Univariate Time Series Fitting

See also: ModelRisk functions and windows, Time series fitting functions, Time series in ModelRisk, Common elements of ModelRisk windows

Introduction

The Time Series available in ModelRisk can be fitted to a given set of spreadsheet data.

The fitted Time Series (or explicitly the fitted parameter values) can then be used for time series forecasting in your spreadsheet model.

The fitted distributions are ranked according to the SIC, AIC (Akaike) and HQIC information criteria. For these holds: the lower an information criterion, the better the fit. To avoid confusion the negatives of these criteria are displayed in the list. This means that:

the higher the value shown in the list, the better the fit.

AIC and the other Information Criteria are superior goodness of fit statistics to other fit ranking criteria (e.g. chi-squared), because they take into account the number of parameters estimated, and penalize for overfitting: a model that has a good fit using fewer parameters is preferred over one that needs more parameters.

The AIC is the least strict of the three in penalizing for more parameters, while SIC is the strictest. More information on these can be found here.

Source data can be either actual observations of the variable (e.g. stock price) or the log return of that variable. If the source data are log returns, the parameter View as Log Returns should be set to TRUE (by marking the check box), and a forecast will correspondingly generate a stochastic log returns series.

Depending on the time series model being fit, some of the function input parameters may not be present. Past Time Stamps and Future Time Stamps only appear where the mathematical model allows variations between the time intervals of the observations (and the projections). The Geometric Brownian Motion (GBM) and the GBM with Mean Reversion models, for example, can jump from one observation to any future point in time. The GBM with Jump Diffusion model, however, cannot do so because it would have to allow any number of jumps to occur within a time period leading to an intractable model. When providing an array of Time Stamps please make sure it is in ascending order.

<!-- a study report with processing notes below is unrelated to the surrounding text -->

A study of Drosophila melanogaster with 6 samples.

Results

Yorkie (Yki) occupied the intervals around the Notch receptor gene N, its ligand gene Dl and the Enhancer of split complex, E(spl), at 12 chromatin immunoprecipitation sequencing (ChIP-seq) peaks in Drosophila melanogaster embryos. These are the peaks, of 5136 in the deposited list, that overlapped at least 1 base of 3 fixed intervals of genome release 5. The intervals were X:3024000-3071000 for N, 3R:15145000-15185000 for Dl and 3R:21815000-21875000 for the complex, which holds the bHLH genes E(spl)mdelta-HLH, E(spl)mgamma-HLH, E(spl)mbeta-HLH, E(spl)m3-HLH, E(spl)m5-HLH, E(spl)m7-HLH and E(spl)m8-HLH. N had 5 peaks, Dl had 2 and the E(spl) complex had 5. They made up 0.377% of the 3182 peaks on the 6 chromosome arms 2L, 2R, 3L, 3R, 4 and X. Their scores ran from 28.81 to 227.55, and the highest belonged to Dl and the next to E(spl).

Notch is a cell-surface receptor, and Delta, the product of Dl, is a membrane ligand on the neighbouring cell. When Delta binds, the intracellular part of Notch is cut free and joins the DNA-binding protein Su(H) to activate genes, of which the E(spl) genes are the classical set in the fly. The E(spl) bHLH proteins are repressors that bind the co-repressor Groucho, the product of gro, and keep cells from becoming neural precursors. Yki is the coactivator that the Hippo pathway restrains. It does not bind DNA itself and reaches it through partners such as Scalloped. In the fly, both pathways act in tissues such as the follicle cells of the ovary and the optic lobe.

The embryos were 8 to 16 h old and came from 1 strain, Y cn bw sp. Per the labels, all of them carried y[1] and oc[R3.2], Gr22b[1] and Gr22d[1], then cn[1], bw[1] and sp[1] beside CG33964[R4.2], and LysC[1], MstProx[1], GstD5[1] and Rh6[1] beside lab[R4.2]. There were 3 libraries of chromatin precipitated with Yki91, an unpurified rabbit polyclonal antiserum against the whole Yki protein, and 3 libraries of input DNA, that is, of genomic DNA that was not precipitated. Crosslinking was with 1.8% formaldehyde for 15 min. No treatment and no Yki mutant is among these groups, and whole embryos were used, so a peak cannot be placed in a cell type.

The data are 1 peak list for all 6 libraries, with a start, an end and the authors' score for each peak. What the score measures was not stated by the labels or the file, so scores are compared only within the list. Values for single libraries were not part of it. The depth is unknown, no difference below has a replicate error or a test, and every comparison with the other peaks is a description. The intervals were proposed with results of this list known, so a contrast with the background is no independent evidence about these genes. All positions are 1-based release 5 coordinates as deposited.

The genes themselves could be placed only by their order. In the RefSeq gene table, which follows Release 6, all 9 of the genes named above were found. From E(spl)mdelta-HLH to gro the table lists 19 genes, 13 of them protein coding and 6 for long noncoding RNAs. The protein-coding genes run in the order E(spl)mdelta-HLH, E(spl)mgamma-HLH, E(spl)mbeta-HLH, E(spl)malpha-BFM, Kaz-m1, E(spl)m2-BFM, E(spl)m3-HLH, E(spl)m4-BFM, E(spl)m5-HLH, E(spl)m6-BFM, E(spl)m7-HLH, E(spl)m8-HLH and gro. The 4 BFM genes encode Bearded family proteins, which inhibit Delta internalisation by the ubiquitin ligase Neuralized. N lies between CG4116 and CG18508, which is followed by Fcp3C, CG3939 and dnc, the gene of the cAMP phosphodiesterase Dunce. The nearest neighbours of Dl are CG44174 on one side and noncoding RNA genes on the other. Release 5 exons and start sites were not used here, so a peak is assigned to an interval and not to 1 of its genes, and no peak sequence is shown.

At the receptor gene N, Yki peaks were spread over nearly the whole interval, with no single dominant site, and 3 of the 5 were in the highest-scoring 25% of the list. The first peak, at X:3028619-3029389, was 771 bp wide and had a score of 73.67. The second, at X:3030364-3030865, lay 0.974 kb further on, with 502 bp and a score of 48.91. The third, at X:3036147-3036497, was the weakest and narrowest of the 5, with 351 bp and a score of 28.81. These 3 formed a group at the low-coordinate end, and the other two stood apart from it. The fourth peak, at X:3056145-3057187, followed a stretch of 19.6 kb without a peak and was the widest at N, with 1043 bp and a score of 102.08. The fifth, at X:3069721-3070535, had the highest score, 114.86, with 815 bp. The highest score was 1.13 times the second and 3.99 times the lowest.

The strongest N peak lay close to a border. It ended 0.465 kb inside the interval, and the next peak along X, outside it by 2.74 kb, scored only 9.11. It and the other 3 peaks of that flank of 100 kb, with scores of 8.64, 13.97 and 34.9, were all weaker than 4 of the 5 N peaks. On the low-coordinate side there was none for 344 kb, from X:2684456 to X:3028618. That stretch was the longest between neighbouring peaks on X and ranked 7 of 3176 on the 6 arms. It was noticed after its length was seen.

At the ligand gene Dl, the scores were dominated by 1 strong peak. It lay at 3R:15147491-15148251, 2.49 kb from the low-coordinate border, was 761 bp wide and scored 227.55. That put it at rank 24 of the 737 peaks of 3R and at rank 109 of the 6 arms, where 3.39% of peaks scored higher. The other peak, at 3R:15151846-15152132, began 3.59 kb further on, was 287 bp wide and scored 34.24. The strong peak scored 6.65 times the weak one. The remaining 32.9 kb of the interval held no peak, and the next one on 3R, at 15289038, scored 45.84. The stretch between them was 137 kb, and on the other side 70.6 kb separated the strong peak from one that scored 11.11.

The set of values in Source data may not contain the last observation you have (e.g. the series may not allows Time Stamps but you know what the variable value is now. In this case you can provide the last observed value as Initial Value. More generally, Initial Value allows you to construct a series from some particular point that is based on an analysis of past behavior. If View as Log Returns is set to TRUE, Initial Value becomes redundant and is ignored.

Both historical data and data generated from the fitted model are displayed, optionally with more than one line for the forecast.

You can read more about the theory behind time series here.

To see the output functions of this window, click here.

Window elements

When opening Time Series Fit you are first presented a screen to select Time Series to fit. In the fitting window itself, this can be changed at any time (i.e. new Time Series added and removed for fitting).

In the Source data region you can select the location of the data to fit to in your spreadsheet.

In the Time Series list on the left, you can add and remove Time Series to fit by pressing the Add or Remove buttons. Click on a Time Series in the list to toggle it for the preview graph. Click on one of the three information criteria to sort the fitted models according to this criterion (lower value is better fit).

In the Time Fit Function Parameters window, extra data can be filled in - this depends on the Time Series currently selected from the list.

  • To display a preview graph of the Log Returns rather than the values themselves, mark the Data are in Log Returns check box.

  • In the Initial Value field, you can specify the last data value in time you have. Random values generated from the fitted time series model will start from this value.

  • To take into account the uncertainty that (unavoidably) exists about the fitted parameters, mark the Uncertainty check box. The smaller the dataset, the larger the uncertainty on the fitted parameters will be. To read the motivation behind this parameter click here.

By default, the vertical scale of the preview graph is automatically rescaled according to the (historical/generated) data. To keep the vertical scale fixed, check Fix Y-scale.

Industrial version only:

Clicking the “Create report” button  above the chart will produce a fit report in a new Worksheet with the fitted models in a table. The table will have the fitted time series objects and Goodness of Fit rankings. The report will also include the OptimatFit function that automatically returns the best fitted model according to the selected information criteria.

An example of such report is available in the example model.

For explanations about other fields, buttons, graphs and summary statistics tables in this window, see Common elements of ModelRisk windows.

Useful tips and tricks

See also: Graphics, workflow and error handling in ModelRisk

Using View Function to return to a window

The output of ModelRisk windows always corresponds to VoseFunctions (the functions ModelRisk adds to Excel) being entered into one or more spreadsheet cells.

You can always re-open the window for a ModelRisk function that is in a spreadsheet cell by using View Function. Select the spreadsheet cell and then select View Function from the ModelRisk menu/toolbar/ribbon.